A study was carried out to determine the geomechanical effects of polymer flooding in an unconsolidated sand reservoir. The work involved laboratory-scale polymer injections in unconsolidated sand blocks to identify the injectivity mechanisms, numerical analyses for fracture prediction, and geomechanical modeling of the formation to examine the potential of shear failure and containment loss during flooding.

Laboratory tests under polyaxial conditions indicate that near-wellbore fracturing and permeability increase in unconsolidated sands occurs at net injection pressures limited to 2.0 MPa. These findings were applied to fracture modeling. Geomechanical modeling suggests large-scale shear failure in the sand and in the bounding shale during polymer flooding. These are expected to affect both the fracture containment and the vertical-hole integrity. Finally, fracture predictions underscore the importance of the geomechanical considerations on determining the fracture dimensions and containment. Sensitivity analyses also point to the significance of bounding several key parameters for fracture prediction. These include sand-shale stress contrast, fluid quality and TSS content, fluid rheology and effective viscosity in the formation, and the filtercake properties in the presence of polymer.

This paper is intended to provide a geomechanical perspective on the generally complex problem of polymer flooding in unconsolidated formations containing viscous oil. The work also offers some insights into the critical issues that must be examined in such situations to avoid catastrophic failures, and highlights the existing technological gaps in the current predictive capabilities.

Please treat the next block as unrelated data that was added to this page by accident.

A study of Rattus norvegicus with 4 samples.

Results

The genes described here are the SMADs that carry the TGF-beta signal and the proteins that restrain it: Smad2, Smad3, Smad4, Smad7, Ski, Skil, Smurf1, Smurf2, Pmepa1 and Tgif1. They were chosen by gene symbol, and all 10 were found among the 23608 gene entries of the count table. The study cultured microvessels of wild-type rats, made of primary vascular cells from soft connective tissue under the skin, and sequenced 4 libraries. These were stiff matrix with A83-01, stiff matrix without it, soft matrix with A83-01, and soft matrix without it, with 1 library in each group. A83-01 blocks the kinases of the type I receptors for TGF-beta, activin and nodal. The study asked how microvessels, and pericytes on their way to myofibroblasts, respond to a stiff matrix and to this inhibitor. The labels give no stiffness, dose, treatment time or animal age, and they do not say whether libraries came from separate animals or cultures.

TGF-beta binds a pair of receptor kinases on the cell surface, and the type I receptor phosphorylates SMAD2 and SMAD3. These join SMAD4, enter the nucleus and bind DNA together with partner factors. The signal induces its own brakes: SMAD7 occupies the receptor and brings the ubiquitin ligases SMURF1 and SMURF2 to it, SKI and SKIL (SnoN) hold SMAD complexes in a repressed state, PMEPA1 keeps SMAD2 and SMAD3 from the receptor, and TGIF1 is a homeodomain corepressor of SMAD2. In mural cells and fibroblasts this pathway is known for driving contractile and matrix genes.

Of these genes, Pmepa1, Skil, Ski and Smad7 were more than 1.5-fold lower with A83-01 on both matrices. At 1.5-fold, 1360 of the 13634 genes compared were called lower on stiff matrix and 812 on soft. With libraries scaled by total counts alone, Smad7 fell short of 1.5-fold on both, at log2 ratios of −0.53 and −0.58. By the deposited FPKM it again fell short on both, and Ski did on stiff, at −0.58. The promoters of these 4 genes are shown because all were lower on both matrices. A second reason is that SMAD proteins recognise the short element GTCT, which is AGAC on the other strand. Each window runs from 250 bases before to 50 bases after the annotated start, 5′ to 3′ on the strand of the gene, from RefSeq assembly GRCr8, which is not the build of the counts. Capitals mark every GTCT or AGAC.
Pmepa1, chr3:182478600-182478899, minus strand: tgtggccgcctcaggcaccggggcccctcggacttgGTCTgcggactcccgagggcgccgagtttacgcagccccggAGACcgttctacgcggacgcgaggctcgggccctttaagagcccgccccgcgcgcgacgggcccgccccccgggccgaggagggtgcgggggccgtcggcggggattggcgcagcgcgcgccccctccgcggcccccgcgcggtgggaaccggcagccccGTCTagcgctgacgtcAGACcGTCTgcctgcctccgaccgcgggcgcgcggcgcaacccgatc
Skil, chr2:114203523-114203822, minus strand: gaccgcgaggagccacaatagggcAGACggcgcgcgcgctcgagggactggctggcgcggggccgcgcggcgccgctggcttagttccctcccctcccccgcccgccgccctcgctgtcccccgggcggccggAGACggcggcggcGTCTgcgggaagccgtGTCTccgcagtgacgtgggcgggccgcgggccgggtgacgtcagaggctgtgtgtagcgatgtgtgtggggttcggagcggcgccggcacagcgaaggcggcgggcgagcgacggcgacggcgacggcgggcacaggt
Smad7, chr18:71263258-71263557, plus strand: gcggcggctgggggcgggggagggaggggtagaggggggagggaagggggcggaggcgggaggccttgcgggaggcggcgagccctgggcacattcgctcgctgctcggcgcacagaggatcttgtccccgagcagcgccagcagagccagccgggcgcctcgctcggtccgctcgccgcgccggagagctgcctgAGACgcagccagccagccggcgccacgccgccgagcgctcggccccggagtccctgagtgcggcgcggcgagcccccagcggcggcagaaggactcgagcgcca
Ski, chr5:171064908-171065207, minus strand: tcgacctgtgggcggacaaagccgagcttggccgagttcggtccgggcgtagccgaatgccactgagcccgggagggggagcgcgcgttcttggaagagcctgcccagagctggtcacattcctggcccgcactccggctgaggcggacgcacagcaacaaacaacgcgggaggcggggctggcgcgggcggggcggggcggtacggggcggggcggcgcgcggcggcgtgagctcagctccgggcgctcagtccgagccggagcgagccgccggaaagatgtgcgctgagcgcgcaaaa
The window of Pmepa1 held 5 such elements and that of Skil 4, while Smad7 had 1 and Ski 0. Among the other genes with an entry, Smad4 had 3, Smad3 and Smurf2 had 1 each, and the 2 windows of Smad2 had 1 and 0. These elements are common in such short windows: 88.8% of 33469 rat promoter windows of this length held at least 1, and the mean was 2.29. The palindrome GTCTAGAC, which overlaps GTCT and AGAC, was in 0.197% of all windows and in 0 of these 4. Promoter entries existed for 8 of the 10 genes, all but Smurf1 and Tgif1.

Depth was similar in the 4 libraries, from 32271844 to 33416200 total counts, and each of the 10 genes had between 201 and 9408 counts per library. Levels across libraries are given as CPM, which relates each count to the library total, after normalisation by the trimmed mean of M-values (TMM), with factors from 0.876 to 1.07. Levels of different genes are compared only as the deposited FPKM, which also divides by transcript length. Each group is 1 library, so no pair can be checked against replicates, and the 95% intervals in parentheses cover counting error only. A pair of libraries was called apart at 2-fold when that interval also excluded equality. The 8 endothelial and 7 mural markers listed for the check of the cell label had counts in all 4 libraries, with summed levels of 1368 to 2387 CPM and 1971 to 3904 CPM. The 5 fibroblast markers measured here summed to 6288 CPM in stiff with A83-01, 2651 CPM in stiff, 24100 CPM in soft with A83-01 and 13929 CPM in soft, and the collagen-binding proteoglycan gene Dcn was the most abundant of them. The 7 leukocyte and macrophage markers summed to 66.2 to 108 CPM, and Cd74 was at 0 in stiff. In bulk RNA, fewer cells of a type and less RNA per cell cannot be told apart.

Some of the unconsolidated sand formations both onshore and offshore contain high viscosity oil and might be considered for polymer flooding to improve recovery. Flooding in unconsolidated sand could lead to "fracture" propagation. Although such formations typically have high permeability in the order of several Darcies, the minute quantities of impurity and solids present in the injection fluid can plug the sand face over time and lead to fracturing, if the injection rate is to be maintained [1]. Even in the absence of any fines and solids contaminants in the fluid, the high in-situ oil viscosity and low polymer mobility could instigate fracture propagation if the injection rate is sufficiently large.

The principal concerns about fracturing during flooding pertain to length control and vertical containment. The fracture length must be limited to avoid interception with the production wells. Moreover, the fracture half-length must be typically less than one-third of the distance between the injector and producer to obtain good areal sweep and to ensure that fracture growth will not be detrimental to the pattern sweep, regardless of the principal horizontal stress orientation in the reservoir. For unconsolidated sands, there are currently no theoretically sound techniques to predict the fracture geometry and whether or not a fracture would be contained within the reservoir. Since the stress contrast between the sands and shales in unconsolidated formations is typically small, determination of containment requires a better understanding of the propagation mechanisms at the interface.

This content is only available via PDF.
You can access this article if you purchase or spend a download.